Gordon Tours Israel Blog

What Israelis Eat at Restaurants

Icon June 16, 2020
Icon By Shai Navon
Icon 0 comments

Israelis were thrilled to see the re-opening of restaurants all around the country again these last few weeks! With the country up and running again, locals are now able to go out and enjoy some of the food that makes this region so renowned for its cuisine. While tourists are going to have to wait just a little longer to experience these culinary gems, we’ve compiled a guide to Israel’s best and most typical dishes for you to peruse in the meantime, and one easy recipe for you to try at home! Here’s what a typical culinary day in the life of Israelis may look, and taste like!

Morning

One thing is absolutely certain, Israelis love veggies as part of their breakfast. While the concept of a salad for breakfast may befuddle some international visitors at first, it’s not hard to see why Israelis love it. No Israeli breakfast is complete without a big salad full of fresh vegetables. Accompanying the salad, the traditional “Israeli breakfast” is comprised of freshly baked bread and a variety of spreads and toppings like tahini, cream cheese, labaneh (a tart yogurt-cheese), tuna salad, jam or preserves. This mezze spread is also accompanied by a scrambled egg dish, or a tofu scramble for vegans. Fun fact: Israel holds the title of most vegans per capita of any country and is often considered to be the vegan capital of the world! Many Israeli restaurants and dining establishments accommodate vegans and have a variety of non-animal-based options.

Israeli Breakfast

Mid-day

Many Israelis grab street food for lunch, and it’s likely because Israel has some of the tastiest and healthiest street food options around. One such option is hummus, likely the food that Israel is most known for… and for good reason! Usually served warm with freshly baked pita, each neighborhood joint offers its own take on the quintessential Israeli dish, topping it with chickpeas, olive oil, lemon, or parsley. Another classic, falafel is an Israeli street food that somehow manages to feel like a delicious splurge and a healthy choice at the same time. Falafel is made by frying balls of a blend of chickpeas and herbs, and is served in a pita with fresh vegetables and sauces like hummus and tahini. Many places will throw some french fries in there, too!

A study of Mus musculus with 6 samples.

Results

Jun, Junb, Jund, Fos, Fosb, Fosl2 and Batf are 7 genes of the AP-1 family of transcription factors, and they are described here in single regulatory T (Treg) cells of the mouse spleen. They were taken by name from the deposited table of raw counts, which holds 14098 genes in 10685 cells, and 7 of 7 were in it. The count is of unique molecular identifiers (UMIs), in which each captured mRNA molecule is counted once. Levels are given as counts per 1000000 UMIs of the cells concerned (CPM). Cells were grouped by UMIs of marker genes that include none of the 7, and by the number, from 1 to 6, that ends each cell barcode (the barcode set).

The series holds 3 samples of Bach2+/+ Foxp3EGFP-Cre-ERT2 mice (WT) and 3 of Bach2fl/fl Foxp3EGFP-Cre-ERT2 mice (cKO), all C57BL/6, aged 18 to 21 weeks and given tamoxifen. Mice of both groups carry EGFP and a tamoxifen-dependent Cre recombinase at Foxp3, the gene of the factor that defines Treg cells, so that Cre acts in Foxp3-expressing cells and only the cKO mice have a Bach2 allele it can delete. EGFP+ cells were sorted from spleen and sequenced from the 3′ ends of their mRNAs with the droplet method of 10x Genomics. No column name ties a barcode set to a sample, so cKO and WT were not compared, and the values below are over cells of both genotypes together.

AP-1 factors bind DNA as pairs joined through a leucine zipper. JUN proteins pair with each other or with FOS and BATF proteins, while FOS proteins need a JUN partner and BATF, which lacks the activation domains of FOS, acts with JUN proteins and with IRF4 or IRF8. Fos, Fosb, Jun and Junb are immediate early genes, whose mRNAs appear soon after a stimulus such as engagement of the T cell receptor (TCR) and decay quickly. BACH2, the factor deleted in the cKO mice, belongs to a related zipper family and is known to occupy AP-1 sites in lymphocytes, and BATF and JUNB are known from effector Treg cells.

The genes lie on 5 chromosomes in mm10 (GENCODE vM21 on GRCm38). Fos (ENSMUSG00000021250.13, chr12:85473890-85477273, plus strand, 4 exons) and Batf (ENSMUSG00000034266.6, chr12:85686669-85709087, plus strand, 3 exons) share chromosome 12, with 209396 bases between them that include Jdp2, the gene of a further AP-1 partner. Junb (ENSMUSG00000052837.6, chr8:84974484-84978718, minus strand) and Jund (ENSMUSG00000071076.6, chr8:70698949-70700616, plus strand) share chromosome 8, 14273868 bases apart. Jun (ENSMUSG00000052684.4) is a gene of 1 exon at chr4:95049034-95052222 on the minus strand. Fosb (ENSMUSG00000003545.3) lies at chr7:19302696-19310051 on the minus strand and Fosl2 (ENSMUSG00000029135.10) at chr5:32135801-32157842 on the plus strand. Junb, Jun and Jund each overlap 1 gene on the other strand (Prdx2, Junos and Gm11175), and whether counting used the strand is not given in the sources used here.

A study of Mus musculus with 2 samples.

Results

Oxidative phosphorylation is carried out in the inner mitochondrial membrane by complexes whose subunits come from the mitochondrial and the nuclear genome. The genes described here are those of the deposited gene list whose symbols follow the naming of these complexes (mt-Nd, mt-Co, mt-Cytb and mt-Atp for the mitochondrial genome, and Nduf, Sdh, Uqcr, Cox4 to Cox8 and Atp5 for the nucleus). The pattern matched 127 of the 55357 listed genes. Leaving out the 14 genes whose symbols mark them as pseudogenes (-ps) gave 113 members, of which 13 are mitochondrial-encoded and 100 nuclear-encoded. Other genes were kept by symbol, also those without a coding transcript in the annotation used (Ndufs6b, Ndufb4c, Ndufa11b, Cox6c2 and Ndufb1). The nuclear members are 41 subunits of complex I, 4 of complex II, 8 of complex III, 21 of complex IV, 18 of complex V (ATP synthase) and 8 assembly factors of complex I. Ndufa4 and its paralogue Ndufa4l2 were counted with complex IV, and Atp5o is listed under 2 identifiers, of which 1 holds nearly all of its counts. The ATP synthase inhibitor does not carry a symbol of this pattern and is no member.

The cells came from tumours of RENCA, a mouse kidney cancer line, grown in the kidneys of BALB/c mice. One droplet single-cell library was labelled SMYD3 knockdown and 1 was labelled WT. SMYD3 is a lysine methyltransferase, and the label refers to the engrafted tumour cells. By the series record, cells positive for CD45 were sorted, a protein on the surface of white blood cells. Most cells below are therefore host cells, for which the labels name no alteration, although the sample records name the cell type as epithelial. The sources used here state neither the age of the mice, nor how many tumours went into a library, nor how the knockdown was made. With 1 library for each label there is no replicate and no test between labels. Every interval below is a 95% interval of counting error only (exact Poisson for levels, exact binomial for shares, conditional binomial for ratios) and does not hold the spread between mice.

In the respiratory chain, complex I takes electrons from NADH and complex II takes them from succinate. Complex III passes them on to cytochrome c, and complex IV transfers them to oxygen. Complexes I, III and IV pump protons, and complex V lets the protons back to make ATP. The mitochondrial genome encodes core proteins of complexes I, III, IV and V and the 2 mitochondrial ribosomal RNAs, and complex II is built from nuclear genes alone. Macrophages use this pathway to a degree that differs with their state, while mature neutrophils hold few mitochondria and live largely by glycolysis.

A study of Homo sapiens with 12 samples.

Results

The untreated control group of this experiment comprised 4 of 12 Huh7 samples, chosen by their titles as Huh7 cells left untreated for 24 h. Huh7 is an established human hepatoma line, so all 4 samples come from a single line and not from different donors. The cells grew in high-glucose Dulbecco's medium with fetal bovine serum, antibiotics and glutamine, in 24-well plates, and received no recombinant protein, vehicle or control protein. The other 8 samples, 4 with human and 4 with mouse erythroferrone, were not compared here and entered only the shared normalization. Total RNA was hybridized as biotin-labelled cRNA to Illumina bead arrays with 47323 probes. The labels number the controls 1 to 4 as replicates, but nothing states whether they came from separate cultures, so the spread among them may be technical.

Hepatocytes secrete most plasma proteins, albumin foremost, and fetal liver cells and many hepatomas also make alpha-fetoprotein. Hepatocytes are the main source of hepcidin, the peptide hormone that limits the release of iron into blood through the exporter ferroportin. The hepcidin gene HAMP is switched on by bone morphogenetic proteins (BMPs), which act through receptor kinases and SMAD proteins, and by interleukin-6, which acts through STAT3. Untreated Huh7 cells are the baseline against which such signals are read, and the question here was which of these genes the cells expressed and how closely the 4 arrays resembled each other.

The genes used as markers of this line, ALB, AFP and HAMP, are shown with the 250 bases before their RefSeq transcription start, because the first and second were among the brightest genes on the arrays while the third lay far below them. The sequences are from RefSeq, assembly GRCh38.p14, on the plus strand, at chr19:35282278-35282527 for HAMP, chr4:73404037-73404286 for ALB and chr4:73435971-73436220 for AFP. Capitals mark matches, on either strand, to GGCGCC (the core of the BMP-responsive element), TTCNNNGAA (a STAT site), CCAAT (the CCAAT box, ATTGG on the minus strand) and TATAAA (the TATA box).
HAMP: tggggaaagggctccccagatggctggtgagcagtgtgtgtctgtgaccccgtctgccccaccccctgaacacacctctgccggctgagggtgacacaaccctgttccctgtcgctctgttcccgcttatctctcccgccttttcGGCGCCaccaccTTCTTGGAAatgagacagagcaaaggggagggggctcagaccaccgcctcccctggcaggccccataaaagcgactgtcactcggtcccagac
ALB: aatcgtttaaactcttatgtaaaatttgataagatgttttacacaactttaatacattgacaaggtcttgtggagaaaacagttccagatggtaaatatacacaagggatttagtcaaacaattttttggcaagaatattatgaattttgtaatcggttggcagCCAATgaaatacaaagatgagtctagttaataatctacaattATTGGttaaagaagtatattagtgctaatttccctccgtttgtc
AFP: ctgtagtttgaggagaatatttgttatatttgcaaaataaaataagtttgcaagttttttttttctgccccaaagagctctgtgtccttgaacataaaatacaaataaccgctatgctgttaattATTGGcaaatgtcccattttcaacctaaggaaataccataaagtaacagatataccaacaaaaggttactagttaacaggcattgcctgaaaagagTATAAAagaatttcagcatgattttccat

We’ve included an easy recipe for hummus that you can try at home at the end of this post, to tide you over until travel is possible again!

Hummus
Falafel


Since Israel is home to people with origins from all over the world, global cuisine is a given, so it’s no surprise that going out for dinner offers plenty of delicious options. And while international food options are the norm, dinner’s dessert is quite often something very typically Israeli. In the summer, a popular option is Malabi- a Middle Eastern dessert of creamy pudding flavored with rosewater and topped with peanuts or pistachios. In the winter, Israelis turn to Sahlab, a delicious, creamy warm drink flavored with spices, cinnamon, and rosewater. This decadent dessert-drink is sure to warm you up on a chilly winter evening!

Sahlab
Malabi

There you have it! A typical day’s worth of meals in Israel. It won’t be long before the culinary and cultural bounties of Israel are open again to travelers from all over the world! In the meantime enjoy this DIY recipe for homemade Hummus! Bon Apetit!

 

DIY At-Home Hummus Recipe

2 cups of chickpeas, soaked overnight
1 cup raw tahini
2 cloves garlic
2 lemons
½ teaspoon baking soda (optional)
Salt
Cumin

Put the chickpeas in a pot and fill with water to one inch above the beans. Add the garlic cloves, peeled and whole, bring to a boil, then simmer until the chickpeas are soft. When the beans are soft, add half a teaspoon of baking soda and cook until the chickpeas begin to fall apart.

Strain the beans from the water, but don’t drain the water! Put it aside for later. Place the beans and garlic in a food processor, add 2-3 tablespoons of the cooking liquid, and blend until smooth. Then add the raw tahini and continue to blend. Juice the lemons, then add the juice to the hummus slowly, continuing to blend and tasting as you go. Do the same for the salt and the cumin next. Serve topped with olive oil and garnish with some whole chickpeas. Enjoy!